Unimon - A new qubit to boost quantum computers for useful applications
A group of scientists from Aalto University, IQM Quantum Computers, and VTT Technical Research Centre have discovered a new superconducting qubit, the unimon, to increase the accuracy of quantum computations. The team has achieved the first quantum logic gates with unimons at 99.9% fidelity — a major milestone on the quest to build commercially useful quantum computers. This pivotal piece of research was just published in the journal Nature Communications.
Of all the different approaches to build useful quantum computers, superconducting qubits are on the lead. However, the qubit designs and techniques currently used do not yet provide high enough performance for practical applications. In this noisy intermediate-scale quantum (NISQ) era, the complexity of the implementable quantum computations is mostly limited by errors in single- and two-qubit quantum gates. The quantum computations need to become more accurate to be useful.
'Our aim is to build quantum computers which deliver an advantage in solving real-world problems. Our announcement today is an important milestone for IQM, and a significant achievement to build better superconducting quantum computers,' said Professor Mikko Möttönen, joint Professor of Quantum Technology at Aalto University and VTT, and also a Co-Founder and Chief Scientist at IQM Quantum Computers, who was leading the research.
Today, Aalto, IQM and VTT have introduced a new superconducting-qubit type, the unimon, which unites in a single circuit the desired properties of increased anharmonicity, full insensitivity to dc charge noise, reduced sensitivity to magnetic noise, and a simple structure consisting only of a single Josephson junction in a resonator. The team achieved fidelities from 99.8% to 99.9% for 13-nanoseconds-long single-qubit gates on three different unimon qubits.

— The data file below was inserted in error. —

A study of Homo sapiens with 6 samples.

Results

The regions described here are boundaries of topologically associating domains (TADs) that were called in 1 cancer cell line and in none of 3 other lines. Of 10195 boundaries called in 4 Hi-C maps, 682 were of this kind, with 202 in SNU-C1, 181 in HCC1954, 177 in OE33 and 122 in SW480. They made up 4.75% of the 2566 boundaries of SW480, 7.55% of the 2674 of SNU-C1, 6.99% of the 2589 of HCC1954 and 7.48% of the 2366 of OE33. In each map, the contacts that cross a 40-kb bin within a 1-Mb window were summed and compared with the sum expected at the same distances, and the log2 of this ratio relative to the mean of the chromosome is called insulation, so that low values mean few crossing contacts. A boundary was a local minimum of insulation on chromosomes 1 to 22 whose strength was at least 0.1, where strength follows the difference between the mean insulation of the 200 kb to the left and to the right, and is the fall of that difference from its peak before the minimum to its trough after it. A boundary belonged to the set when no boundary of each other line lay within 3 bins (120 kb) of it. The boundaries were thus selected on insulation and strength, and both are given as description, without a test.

'Because of the higher anharmonicity, or non-linearity, than in transmons, we can operate the unimons faster, leading to fewer errors per operation,' said Eric Hyyppä who is working on his PhD at IQM.
To experimentally demonstrate the unimon, the scientists designed and fabricated chips, each of which consisted of three unimon qubits. They used niobium as the superconducting material apart from the Josephson junctions, in which the superconducting leads were fabricated using aluminum.
The team measured the unimon qubit to have a relatively high anharmonicity while requiring only a single Josephson junction without any superinductors, and bearing protection against noise. The geometric inductance of the unimon has the potential for higher predictability and yield than the junction-array-based superinductors in conventional fluxonium or quarton qubits.
'Unimons are so simple and yet have many advantages over transmons. The fact that the very first unimon ever made worked this well, gives plenty of room for optimization and major breakthroughs. As next steps, we should optimize the design for even higher noise protection and demonstrate two-qubit gates,' added Prof. Möttönen.
'We aim for further improvements in the design, materials, and gate time of the unimon to break the 99.99% fidelity target for useful quantum advantage with noisy systems and efficient quantum error correction. This is a very exciting day for quantum computing!' concluded Prof. Möttönen.